Social care will need an extra £8 billion a year of funding by 2033-34 if the current system is to be maintained, according to economic experts.
A joint report by the Institute of Fiscal Studies (IFS) and the Health Foundation estimated that spending is likely to have to rise by 3.9% a year over the next 15 years to meet the needs of an ageing population and an increasing number of younger adults living with disabilities.
Report authors also suggested that a centralised adult social care funding system could help to curb “considerable variation” in social care spending across different areas.
Since 2009-10, local authorities have faced sizeable cuts in funding from central government, forcing many councils to tighten their eligibility criteria and concentrate care on those with the highest needs.
The report found that these cuts were likely to have increased levels of unmet need and caused greater reliance on informal care from friends and family.
It added that reduced funds could have also led to “deterioration in the quality of care” and a reduction in the fees paid to care homes for state-funded residents.
Financial experts have estimated that the current funding system would require an increase in funding of 0.4% of GDP within 15 years to deal with pressures on the system and close the predicted £8 billion funding gap.
Given the scale of the funding challenge facing health and social care, extra resources would likely be raised through increased tax revenue, the report said. In real terms, this means that families could face the prospect of paying an extra £280 a year towards social care.
Paul Johnson, director of IFS and an author of the report, said the government was facing “one of the biggest choices in a generation.”
“If we are to have a health and social care system which meets our needs and aspirations, we will have to pay a lot more for it over the next 15 years.”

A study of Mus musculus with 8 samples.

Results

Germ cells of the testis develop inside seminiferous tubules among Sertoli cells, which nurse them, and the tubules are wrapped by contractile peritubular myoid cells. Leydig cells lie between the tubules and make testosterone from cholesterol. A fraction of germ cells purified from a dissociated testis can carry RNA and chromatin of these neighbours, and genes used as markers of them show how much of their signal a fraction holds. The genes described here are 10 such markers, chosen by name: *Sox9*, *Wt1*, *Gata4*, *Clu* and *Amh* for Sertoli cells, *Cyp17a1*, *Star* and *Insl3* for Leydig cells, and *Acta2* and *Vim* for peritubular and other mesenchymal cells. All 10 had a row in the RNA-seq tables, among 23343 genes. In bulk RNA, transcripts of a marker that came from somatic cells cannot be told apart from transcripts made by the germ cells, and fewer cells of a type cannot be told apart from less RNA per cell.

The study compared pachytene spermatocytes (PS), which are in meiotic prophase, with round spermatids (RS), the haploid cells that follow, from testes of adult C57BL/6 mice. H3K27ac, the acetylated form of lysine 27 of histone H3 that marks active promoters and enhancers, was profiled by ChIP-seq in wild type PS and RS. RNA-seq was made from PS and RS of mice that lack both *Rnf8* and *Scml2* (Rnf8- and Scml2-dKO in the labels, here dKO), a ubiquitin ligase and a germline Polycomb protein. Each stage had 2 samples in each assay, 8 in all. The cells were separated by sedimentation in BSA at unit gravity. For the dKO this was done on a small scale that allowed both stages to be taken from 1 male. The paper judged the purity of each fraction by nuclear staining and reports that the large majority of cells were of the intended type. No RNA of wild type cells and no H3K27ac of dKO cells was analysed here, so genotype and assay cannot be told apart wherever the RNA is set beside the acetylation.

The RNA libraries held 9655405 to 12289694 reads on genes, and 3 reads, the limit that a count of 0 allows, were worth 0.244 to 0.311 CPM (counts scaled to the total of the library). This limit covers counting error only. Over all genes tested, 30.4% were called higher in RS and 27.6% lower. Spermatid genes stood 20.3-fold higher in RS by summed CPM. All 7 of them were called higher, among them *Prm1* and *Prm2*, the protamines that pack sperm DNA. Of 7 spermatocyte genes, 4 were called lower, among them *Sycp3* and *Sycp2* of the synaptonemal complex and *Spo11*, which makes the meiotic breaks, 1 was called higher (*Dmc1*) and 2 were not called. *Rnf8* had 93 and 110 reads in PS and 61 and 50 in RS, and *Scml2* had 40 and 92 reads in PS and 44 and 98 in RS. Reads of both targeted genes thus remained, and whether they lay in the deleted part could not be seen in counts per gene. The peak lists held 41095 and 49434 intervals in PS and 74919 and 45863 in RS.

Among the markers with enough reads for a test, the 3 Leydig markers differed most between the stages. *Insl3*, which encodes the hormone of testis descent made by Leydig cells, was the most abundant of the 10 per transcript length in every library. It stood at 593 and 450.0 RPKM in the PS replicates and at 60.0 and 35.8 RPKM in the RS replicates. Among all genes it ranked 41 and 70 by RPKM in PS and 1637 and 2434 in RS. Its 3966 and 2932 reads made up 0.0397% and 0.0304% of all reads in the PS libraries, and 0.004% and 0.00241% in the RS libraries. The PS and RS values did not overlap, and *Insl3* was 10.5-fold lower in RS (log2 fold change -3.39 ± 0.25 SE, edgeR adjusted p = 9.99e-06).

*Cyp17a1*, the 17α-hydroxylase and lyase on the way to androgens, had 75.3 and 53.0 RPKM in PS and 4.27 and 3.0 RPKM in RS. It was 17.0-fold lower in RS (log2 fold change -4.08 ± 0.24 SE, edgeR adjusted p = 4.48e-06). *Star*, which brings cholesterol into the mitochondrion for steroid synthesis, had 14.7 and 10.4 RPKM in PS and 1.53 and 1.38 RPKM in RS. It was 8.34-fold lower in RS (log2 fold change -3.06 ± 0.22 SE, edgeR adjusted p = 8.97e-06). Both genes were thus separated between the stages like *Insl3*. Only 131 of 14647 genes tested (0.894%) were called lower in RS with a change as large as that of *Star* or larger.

“This time we won’t be able to rely on cutting spending elsewhere – we will have to pay more in tax. But it is a choice: higher taxes and a health and social care system which meets our expectations and improves over time, or taxes at current levels and a more constrained health service delivering less than we have become accustomed to,” he said.
In addition to discussing the amount of funding required to maintain the existing social care system, the report highlighted a need to review how funding would be structured in the future.
It found that increasing the grants paid to local authorities “would not guarantee” extra spending on services as councils currently decide how much of their revenues are spent on services.
The current system was said to have led to “considerable variation in social care spending” across different areas as the report suggested a “fully centralise[d]” adult social care funding system could help to curb differences in spending.
The think tank warned the government it risked a situation where funding does not “keep pace with rising pressures”.
Stick or twist
Ben Zaranko, one of the report authors and research economist at the IFS, told Community Care some of the problems could be addressed through additional funding within the existing system.
“Increasing the fees paid by local authorities to care home providers might help place the sector on a more sustainable footing and reduce the need for cross-subsidisation. That would require additional funding, but it could be provided within the existing system,” he said.
Yet, he indicated that other issues, such as insurance, could benefit from reform, he said: “Currently, people are unable to protect themselves against extremely high care costs, and the government doesn’t step in to pool everybody’s risks in the way it does with the NHS.”
“If the government decides to implement social care reform, any package that increases the generosity of the state’s offer would require extra funding, and the government would need to find that money from somewhere,” he said.